Comparing Cast Iron Butterfly Valves and Center Line Butterfly Valves

May 12, 2023 | News

Butterfly valves are a common type of valve used for flow control and isolation in many industries. They come in two main constructions: cast iron butterfly valves and center line butterfly valves.

Benefits Of Cast Iron Butterfly Valves:

Cast iron butterfly valves have a one-piece cast iron body with an integrated disc shaft. The disc shaft is cast along with the body, providing a tight seal. This design offers several advantages:

The integrated shaft provides a bubble-tight shutoff due to the tight manufacturing tolerances.

The one-piece construction makes the valve robust and durable for heavy-duty applications.

There are fewer parts and sealings to replace compared to center line valves.

Advantages Of Center Line Butterfly Valves:

Center line butterfly valves have a two-piece design with a disc shaft that runs through the center line of the disc. They offer the following advantages:

The two-piece construction makes the valve lighter than cast iron valves.

The disc can be removed easily for maintenance by taking out the shaft.

Less torque is required to operate the valve due to the lower moving mass.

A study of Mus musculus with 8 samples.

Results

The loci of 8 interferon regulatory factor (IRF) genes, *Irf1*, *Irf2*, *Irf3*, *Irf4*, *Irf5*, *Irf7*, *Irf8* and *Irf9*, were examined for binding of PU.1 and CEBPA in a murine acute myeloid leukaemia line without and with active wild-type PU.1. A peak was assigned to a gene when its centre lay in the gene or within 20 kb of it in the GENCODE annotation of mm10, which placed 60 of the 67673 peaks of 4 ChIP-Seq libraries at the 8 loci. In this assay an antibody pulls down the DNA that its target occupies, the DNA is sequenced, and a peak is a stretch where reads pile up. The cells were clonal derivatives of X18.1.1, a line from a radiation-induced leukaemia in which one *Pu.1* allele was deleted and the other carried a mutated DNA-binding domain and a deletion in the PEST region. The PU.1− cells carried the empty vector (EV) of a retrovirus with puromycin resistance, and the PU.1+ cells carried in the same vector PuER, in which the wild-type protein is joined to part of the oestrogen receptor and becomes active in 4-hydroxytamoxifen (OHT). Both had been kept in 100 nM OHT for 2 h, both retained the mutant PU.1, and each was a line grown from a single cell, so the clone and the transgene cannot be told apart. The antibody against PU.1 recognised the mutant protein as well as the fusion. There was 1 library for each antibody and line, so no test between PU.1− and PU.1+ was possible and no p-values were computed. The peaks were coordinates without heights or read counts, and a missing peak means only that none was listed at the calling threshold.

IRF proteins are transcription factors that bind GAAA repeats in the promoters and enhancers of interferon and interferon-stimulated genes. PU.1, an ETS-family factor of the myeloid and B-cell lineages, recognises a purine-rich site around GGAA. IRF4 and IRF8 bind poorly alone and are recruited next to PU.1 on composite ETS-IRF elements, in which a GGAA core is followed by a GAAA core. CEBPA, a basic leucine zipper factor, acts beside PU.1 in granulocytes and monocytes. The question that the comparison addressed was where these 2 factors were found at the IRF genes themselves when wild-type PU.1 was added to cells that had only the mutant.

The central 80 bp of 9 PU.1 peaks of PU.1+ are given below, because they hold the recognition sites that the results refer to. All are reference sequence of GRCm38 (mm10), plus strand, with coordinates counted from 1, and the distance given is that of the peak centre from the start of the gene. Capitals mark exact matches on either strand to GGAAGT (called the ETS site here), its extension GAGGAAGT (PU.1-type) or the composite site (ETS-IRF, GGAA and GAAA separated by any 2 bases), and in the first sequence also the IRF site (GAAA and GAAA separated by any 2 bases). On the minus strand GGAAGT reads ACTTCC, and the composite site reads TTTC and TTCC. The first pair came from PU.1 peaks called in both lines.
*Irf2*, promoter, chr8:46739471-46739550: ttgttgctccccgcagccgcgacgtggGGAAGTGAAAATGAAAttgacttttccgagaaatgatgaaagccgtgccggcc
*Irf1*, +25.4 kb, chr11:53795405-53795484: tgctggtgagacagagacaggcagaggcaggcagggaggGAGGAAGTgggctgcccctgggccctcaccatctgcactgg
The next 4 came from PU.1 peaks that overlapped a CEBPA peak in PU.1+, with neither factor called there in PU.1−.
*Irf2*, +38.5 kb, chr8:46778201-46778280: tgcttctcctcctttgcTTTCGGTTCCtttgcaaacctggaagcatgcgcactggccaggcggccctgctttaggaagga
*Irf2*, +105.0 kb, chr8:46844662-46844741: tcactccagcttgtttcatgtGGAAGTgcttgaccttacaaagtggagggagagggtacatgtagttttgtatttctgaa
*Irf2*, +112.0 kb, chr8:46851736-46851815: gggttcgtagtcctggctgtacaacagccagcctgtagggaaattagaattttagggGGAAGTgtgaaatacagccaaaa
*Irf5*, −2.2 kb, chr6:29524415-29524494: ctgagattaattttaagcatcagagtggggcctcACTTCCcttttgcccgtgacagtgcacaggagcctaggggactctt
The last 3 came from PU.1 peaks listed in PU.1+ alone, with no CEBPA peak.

What Is ggg50 Butterfly Valve?

The “ggg50 butterfly valve” is a type of valve that is commonly used in various industrial applications to regulate or control the flow of fluids or gases. “ggg50” refers to the material used to construct the valve body, which is a type of ductile iron that has a minimum tensile strength of 500 MPa and a minimum elongation of 7%.

ggg50 Series Is One Types Of Cast Iron Butterfly Valves?

The butterfly valve gets its name from the design of its disk, which is shaped like a butterfly and rotates around a central axis perpendicular to the direction of flow. When the disk is turned to a certain angle, it allows for the flow of fluids or gases through the valve. And also when it is turned to another angle, it restricts or stops the flow.

Butterfly valves are often as used in applications where tight shutoff is not required. For example for controlling the flow of water, air or other non-corrosive fluids. They are also commonly used in HVAC applications, chemical processing and water treatment plants.